Wonder Woman: Warbringer might have started out as a novel, but Louise Simonson and Kit Seaton, joined by Sarah Wooley and Deron Bennett, bring this Wonder Woman story back to it comics origins with their own distinct style. The graphic adaptation, a homecoming of sorts, succeeds in not only providing a warm welcome to new Wonder Woman fans, but also delivers a story that longtime fans can enjoy as well. The current popularity (and relevance) of Wonder Woman should be clear to any superhero fan, but even among her current and upcoming stories, Warbringer certainly holds its own.
Though the narrative follows a character comics fans know will one day become part of DC’s foundational trinity, Warbringer is first and foremost a story about Diana, a daughter of Themyscira, but also an outsider. This story sets up a mythology where Amazons are only invited to Themyscira after having died in battle with the name of a goddess (any goddess) on their lips. Not only is Diana different from her fellow Amazons by virtue of her birth, but she is also divided from them in death (or her lack thereof). Desperate to prove herself worthy despite this, Diana makes some ill-fated choices that lead to the impending destruction of Themyscira… along with the entire world.
Fans might have first encountered Wonder Woman: Warbringer as a part of DC’s Icon series — an initiative inviting popular young adult authors to create stories about the adolescent trials of some of DC’s most “iconic” characters, including Batman, Catwoman, Superman, and of course, Wonder Woman. Leigh Bardugo, the #1 New York Times bestselling author of the Grisha series (and most recently The Ninth House) took the reins on bringing a teenage Diana to life, applying her vast experience bringing complex, powerful women to life with great effect. In this case, revealing that long before she becomes Wonder Woman, Diana came face-to-face with the Warbringer, a force of chaos responsible for the devastation of the Trojan War.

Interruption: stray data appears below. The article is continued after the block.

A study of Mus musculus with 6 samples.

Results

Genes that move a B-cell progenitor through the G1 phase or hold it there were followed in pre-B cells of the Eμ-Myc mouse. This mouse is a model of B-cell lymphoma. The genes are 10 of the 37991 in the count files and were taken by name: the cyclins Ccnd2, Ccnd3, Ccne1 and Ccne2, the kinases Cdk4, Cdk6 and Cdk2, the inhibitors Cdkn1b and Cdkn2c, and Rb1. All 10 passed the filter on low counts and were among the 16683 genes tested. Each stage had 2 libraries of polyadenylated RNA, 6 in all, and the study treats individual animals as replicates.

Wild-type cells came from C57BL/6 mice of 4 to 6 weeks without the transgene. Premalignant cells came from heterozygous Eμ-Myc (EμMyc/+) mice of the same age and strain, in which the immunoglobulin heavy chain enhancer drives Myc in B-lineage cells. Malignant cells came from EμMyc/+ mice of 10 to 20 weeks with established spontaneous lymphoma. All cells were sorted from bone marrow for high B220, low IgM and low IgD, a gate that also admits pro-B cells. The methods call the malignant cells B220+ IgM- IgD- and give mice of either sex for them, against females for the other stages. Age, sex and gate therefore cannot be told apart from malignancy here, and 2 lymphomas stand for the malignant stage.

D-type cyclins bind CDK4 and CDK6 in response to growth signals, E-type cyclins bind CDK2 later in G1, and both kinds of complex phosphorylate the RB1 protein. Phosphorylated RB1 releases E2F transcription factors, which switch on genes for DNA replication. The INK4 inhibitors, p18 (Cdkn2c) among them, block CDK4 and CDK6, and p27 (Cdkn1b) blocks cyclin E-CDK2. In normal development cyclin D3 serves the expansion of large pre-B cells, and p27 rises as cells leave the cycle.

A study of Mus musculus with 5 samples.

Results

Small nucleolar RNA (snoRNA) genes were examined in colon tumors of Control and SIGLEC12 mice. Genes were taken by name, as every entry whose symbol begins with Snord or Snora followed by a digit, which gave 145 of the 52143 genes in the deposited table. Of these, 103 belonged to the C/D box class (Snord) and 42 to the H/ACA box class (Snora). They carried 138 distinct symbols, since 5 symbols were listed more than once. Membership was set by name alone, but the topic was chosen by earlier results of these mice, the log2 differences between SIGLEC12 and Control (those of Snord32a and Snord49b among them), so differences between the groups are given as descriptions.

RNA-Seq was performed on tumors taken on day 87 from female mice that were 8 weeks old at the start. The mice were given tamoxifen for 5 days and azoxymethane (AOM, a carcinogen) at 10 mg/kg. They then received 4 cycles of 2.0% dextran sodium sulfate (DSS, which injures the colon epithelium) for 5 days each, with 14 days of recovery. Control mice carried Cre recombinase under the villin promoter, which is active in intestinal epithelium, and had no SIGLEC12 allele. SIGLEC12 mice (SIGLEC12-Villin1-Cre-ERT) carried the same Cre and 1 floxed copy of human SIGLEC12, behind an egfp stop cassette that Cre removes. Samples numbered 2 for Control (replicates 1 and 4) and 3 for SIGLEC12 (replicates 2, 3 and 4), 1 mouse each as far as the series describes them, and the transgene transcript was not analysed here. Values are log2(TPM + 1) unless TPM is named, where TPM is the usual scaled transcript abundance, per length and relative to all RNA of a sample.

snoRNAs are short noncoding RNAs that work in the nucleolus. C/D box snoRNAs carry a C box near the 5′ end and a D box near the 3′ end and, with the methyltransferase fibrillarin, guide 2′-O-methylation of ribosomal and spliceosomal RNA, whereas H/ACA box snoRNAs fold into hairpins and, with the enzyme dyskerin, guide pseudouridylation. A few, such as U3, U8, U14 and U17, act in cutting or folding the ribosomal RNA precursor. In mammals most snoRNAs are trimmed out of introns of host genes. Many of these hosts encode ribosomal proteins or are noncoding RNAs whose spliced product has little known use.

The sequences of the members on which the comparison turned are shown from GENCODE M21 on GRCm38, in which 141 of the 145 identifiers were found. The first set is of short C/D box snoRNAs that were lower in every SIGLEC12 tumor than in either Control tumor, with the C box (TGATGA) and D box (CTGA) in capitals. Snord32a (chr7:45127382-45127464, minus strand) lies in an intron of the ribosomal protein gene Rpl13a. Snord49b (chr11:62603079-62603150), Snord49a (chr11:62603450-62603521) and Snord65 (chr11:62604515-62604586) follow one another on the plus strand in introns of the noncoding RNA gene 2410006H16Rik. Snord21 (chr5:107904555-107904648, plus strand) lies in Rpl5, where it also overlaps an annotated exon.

Unfortunately, the Warbringer is also a seemingly innocent mortal girl named Alia Keralis that Diana saves from drowning. Unwilling to compromise her values, even to save Themyscira, Diana’s only choice is to make her first venture out into the World of Man with her new mortal ally, in an attempt to end the curse of the Warbringer before it ends everything.
Louise Simonson (Power Pack, X-Men, Superman: Man of Steel) is a comic book powerhouse in her own right, having amassed followers on both the Marvel and DC sides of superhero fandom. But her greatest talent, in this case anyway, is her skill in adapting a novel into graphic format, embracing the best of what superhero comics can be. Graphic adaptations can often fail to consider the logistics of medium hopping, but Simonson so deftly molds Bardugo’s story, if you didn’t know any better, the Warbringer story arc would seem like it had always been meant for the comics page. The graphic novel’s pace is blistering but balanced, and is not above delivering a seemly endless string of well-timed zingers into even the most intense action.
Simonson’s pacing sets a tall order for Warbringer’s art, and Kit Seaton does not disappoint. The rich but clean drawings Seaton delivers throughout will make readers want to linger even as the text urges them on to the next catastrophe. The art not only gives Diana her own standout look (a tall order given her long history) but also brings to life a whole ensemble of unforgettable characters — from a mortal that could end the world, to a fashion guru who knows how to apply her skills to sniper sight lines. While the majority of the story is told in a variety of cool tones, hot color spots create well-placed counterpoints that emphasize the narrative’s build towards violence and war (an attention to detail that allows this narrative to tell overlapping stories in a single panel).
By the end of the story (no spoilers), Diana earns a first glimpse at her future identity as Wonder Woman. For some readers Diana’s future will be just as new, and for others this is just a new chapter added to Wonder Woman’s mythos. Warbringer delivers the classic origin story fans love, with a refreshing twist guaranteed to give even the biggest Wonder Woman fans new dimensions to consider. This new origin story for Diana not only provides insight into the superheroine’s character but also suggests Diana’s own role in seeding the events that eventually call her back to the outside world. The joy of this story is that it stands outside but not fully separate from Wonder Woman comics both past and present. In fact, Warbringer might be the perfect lead-in to Wonder Woman #750 being released later this month.
And in case fans are wondering, Warbringer is not the alone in being adapted to a graphic novel. Marie Lu’s Batman: Nightwalker adapted by Stuart Moore and Chris Wildgoose has already gotten then graphic treatment. Sarah J. Maas’ Catwoman: Soulstealer is up next with a return by Louise Simonson on adaptation and art by Samantha Doge.